Growing on long stalks, lilies of the Nile can be 1–6 feet (30–180 cm) tall. The flowers are shades of violet, blue, or white and occur in clusters the shape of large spheres on the top of the stalk. Each cluster can be 6–8 inches (15–20 cm) across and sport more than a dozen of the six-petaled flowers.
A perennial flower, the lily of the Nile can be planted in gardens or in pots, but needs well-drained soil to thrive. If planted outside, they do best in areas where temperatures do not drop below 28°F (-2°C). If they are planted in an area that does consistently reach low temperatures, the roots need to be removed from the soil and stored during winter months. Lilies of the Nile are also used in cut flower arrangements and can live as long as a week once cut.
The roots of the lily of the Nile are called rhizomes. Rhizomes are very similar to bulbs, but rhizome roots spread and can be used to propagate the plants. To store, rhizomes should be placed either in moist soil and kept around 35–41°F (2–5°C) or in a cool greenhouse and watered occasionally. The rhizomes can then be replanted in the spring.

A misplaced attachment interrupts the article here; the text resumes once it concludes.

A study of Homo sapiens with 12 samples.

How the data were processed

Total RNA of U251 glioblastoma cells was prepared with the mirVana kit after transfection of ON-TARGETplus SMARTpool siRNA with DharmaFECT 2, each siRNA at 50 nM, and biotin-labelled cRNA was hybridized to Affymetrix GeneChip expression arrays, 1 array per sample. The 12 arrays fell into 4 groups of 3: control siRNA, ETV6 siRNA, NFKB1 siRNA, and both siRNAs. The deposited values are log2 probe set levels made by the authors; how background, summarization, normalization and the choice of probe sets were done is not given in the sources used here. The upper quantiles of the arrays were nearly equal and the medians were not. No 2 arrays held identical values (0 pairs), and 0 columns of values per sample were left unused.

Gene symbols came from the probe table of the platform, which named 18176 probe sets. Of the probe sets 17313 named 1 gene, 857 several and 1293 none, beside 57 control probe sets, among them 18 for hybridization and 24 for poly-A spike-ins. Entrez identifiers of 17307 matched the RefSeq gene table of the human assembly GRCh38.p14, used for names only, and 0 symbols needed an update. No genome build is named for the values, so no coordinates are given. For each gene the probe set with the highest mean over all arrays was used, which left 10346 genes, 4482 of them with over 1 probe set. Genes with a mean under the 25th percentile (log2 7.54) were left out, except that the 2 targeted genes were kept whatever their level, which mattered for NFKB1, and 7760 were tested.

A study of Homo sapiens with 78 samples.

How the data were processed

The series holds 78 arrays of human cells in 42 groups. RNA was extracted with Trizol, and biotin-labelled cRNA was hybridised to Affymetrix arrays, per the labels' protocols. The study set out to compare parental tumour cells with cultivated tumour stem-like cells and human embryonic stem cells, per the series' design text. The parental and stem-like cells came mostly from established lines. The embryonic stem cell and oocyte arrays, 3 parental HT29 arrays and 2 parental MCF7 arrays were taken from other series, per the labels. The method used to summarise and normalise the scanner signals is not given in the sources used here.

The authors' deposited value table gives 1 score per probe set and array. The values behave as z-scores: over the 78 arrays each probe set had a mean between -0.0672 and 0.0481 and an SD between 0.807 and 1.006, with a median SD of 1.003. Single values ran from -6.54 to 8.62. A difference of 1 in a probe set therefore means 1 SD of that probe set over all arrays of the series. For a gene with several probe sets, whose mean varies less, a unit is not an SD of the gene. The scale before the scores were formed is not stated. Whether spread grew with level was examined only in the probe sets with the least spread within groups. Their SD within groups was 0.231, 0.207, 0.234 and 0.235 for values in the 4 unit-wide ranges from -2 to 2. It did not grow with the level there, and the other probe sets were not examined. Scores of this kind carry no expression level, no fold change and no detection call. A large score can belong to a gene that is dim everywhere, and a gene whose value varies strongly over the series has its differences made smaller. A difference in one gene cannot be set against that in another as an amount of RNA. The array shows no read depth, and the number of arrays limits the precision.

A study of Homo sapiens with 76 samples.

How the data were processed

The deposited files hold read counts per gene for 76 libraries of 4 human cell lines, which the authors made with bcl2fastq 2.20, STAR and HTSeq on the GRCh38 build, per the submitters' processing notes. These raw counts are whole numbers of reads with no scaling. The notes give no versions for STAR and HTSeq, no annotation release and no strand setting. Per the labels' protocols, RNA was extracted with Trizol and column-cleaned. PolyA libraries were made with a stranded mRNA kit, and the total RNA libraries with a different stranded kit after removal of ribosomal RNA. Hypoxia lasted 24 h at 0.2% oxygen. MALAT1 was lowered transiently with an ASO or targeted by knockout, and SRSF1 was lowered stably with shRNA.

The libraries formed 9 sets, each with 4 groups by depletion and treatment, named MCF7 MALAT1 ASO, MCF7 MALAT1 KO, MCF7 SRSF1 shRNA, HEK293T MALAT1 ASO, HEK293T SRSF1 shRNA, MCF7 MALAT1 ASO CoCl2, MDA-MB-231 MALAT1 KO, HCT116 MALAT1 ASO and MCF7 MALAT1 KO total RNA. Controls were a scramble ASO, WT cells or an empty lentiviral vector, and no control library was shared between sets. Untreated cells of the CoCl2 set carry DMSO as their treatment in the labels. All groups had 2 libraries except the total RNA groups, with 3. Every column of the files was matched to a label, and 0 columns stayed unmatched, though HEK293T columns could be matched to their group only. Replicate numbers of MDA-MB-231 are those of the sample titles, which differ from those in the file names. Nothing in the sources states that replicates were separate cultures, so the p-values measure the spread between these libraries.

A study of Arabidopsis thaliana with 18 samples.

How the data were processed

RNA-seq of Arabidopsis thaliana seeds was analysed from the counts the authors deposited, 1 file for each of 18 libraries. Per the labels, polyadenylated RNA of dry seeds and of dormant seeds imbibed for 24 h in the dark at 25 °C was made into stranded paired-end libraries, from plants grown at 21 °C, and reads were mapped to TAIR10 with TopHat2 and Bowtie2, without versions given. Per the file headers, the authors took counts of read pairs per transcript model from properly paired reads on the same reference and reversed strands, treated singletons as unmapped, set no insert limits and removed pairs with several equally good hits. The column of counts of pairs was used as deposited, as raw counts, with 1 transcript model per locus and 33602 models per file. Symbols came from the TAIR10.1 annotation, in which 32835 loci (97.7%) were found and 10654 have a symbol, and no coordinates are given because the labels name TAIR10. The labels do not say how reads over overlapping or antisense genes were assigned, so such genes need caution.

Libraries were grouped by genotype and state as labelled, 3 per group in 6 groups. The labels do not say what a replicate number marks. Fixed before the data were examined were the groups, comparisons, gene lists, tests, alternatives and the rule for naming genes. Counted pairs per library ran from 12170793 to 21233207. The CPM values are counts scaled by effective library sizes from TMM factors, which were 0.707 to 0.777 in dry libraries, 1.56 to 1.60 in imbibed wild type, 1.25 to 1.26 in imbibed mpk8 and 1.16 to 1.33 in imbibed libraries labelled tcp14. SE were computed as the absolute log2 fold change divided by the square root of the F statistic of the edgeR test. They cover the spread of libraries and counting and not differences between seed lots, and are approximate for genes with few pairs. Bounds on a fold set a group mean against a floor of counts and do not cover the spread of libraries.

Lilies of the Nile do better with crowded roots, which should be taken into consideration when planting in pots. Generally, a single rhizome will do well in a 12 inch (30.5 cm) pot and three do well in a 20 inch (51 cm) pot. The soil should be two parts loam and one part leaf mold.
Propagation can occur by planting seeds or by the division of roots. A lily planted by seed will not bloom for three years while it matures. Dividing the roots will allow blooming of new flowers sooner, but this type of propagation cannot occur until the original plant has been allowed to grow for about four to five years. When propagating by division, the rhizome of the lily should be dug up, then one of the roots extending from the main bulb cut off. The cut root can then be planted and the original lily replanted.
Is it possible to have a lily of the nile grow to two stories high? I have a plant that looks like this, just on a massive scale. It's one tall tree size stalk that hasn't flowered yet? Does anyone know what it might be?